Stairway to Heaven?
Contrary to popular belief, Home Sweet Home is a dangerous place filled with many imperceptible and underappreciated hazards–such as the staircase. Designed more than two thousand years ago, stairs remain a major source of accidents, and that rate has quadrupled in the last twenty years resulting in one million stair-related accidents and 12,000 deaths in the United States each year, many of these in people over the age of sixty-five.
According to John Templer, formerly the Regents’ Professor of Architecture at the Georgia Institute of Technology (known for his expertise on treaders, handrails and risers), “When people fall they think it’s their fault,…But, more often than not, the design and condition of the stairs are to blame.” (Source: The Slippery Science of Stairs) According to Jake Pauls, a safety specialist with a Maryland consulting firm, stair accidents cost the United States $10 billion to $12 billion in terms of health care, lost wages and short- and long-term disability each year. (Source: LA Times)
Stair-related accidents are impacted by any of the following:
- poor lighting over stairs
- loose carpet or treader issues
- mats at top or bottom of stairs
- lack of or poorly installed railings
- carpet patterns which impact visual perception
- decreased balance
- changes in gait
- impaired vison
- medication side effects
- reduced physical strength
- running up or down the stairs
- distractions, such as texting
- not holding the railing
- carrying objects
- objects left on stairs
- using cleaning equipment on stairs
- drinking alcohol
- use of bifocals or multifocal lenses
For those of you who know me personally, you know my husband fell on the last step of our stairs (going downstairs, which is the most common way accidents occur on the stairs). The light in the area was poor at the time he fell, and though he had been holding the hand railing, he fell on the final step which dropped him four feet down to the hardwood floor resulting in break above his femur, a crushed patella, and a long and painful surgery. He was happy, healthy, sober, and focusing on walking when he fell and though he is recovering well at the moment, he is still shocked at the unlikely occurrence and by the extent of his injuries. In a way, he is lucky he fell where he did because he is alive to tell the tale.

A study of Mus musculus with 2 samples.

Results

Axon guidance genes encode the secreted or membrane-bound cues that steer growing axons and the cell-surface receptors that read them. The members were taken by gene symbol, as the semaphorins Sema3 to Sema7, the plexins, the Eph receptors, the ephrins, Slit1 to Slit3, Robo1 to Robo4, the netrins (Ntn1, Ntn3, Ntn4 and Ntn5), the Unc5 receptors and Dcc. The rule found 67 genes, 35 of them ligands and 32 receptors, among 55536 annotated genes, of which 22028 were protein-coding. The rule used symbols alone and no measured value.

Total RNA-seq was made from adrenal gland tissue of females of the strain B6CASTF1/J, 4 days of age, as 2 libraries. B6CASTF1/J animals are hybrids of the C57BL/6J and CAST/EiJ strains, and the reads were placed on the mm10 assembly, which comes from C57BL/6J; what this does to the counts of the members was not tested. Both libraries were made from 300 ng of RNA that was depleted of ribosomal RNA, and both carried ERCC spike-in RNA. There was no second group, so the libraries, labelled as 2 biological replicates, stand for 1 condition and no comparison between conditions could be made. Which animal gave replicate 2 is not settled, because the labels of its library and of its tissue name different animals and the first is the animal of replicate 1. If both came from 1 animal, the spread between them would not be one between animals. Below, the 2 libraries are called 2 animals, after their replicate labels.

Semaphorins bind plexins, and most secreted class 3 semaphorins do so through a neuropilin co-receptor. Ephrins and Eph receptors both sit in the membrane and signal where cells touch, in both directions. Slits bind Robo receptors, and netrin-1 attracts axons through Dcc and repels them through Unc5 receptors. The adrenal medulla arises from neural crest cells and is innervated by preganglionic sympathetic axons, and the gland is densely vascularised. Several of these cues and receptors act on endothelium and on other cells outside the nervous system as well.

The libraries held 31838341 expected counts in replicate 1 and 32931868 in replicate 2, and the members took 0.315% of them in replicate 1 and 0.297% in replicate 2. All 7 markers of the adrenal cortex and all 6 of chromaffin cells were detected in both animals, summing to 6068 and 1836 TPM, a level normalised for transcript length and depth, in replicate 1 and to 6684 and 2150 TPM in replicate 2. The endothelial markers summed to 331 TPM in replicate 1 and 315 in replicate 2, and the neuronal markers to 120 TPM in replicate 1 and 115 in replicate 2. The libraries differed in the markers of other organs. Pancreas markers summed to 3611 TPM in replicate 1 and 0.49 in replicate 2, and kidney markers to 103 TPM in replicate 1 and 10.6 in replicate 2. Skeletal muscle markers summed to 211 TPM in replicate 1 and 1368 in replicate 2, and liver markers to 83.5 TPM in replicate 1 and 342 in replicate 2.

I have been using the handrail ever since I was pregnant with my now-eighteen-year-old son, having learned that accidents on the stairs are not uncommon in pregnant women. Today, I am going slower than ever, carrying less, and thinking of how to install better handrails on both sides of the stairs which are recommended for greater safety. For more stair-related facts, watch this short video here:
Tempting as it is to abandon the stairs as much as possible, I just read the results of a new study in the journal Neurobiology of Aging. Led by Jason Steffener, a scientist at Concordia University, the study shows that the more flights of stairs a person climbs, and the more years of school a person completes, the “younger” their brain appears to be. In a study of 331 healthy adults ranging in age from 19 to 79, they found that participants decreased their brain age by 0.58 years per flight of stairs used as long as they took the stairs on a daily basis (Science Daily, 3/16).
I’ve been a fan of audiobooks ever since my mother volunteered to record books for the blind when she was a young woman. Not surprisingly, with the advent of smartphones and the capability of storing whole books on handheld devices, the market for audiobooks has soared. When my son was young, he listened to audiobooks when I was doing chores and couldn’t read to him, and there is strong evidence that audiobooks support the growth of language arts skills and literacy in kids of all ages. For a fascinating look at many of the benefits of audiobooks from various perspectives, check out this report by librarians and teachers working with youth.
Some people have questioned if reading books and listening to books are equally beneficial, and a few studies lend strong support to the fact that the benefits are remarkably similar. Apparently, listening is as good as reading in terms of comprehension, but new data from the University of Ontario suggests that the very qualities which make audiobooks so useful (that they permit multitasking) may be responsible for an increased tendency for the mind to wander. In a study of 235 people who read the same short excerpt, either reading silently, reading aloud, or listening to a reading, those who tended to remember the most and have their minds wander the least were (in ranked order of performance):
- Those who read aloud
- Those who read silently
- Those who listened to a book.
Daniel Smilek, one of the study’s collaborators, draws a link between the amount of physical activity produced by a reading a book and its grasp on a reader’s mind, saying, “The way we’re thinking about it is that the more your body’s involved in the task, the less likely you are to be disengaged and mind-wander.” (Source: Fast Company) Personally, I use audiobooks to elevate mundane activities like ranch chores and house cleaning, as well as when driving on lonely roads at night or exercising at the gym. I’ve found them enormously helpful in times of worry as a way to distract my mind and as a gentle source of thought-provoking material. In fact, the Sunday my husband broke his leg, I was listening to Charles Duhigg’s new book, Smarter, Faster, Better, and had just covered the section on why perceptions of control are so critical in personal motivation. As a result, when bad news hit, I was able to circumvent sustained shock and overwhelm and choose effective responses and actions.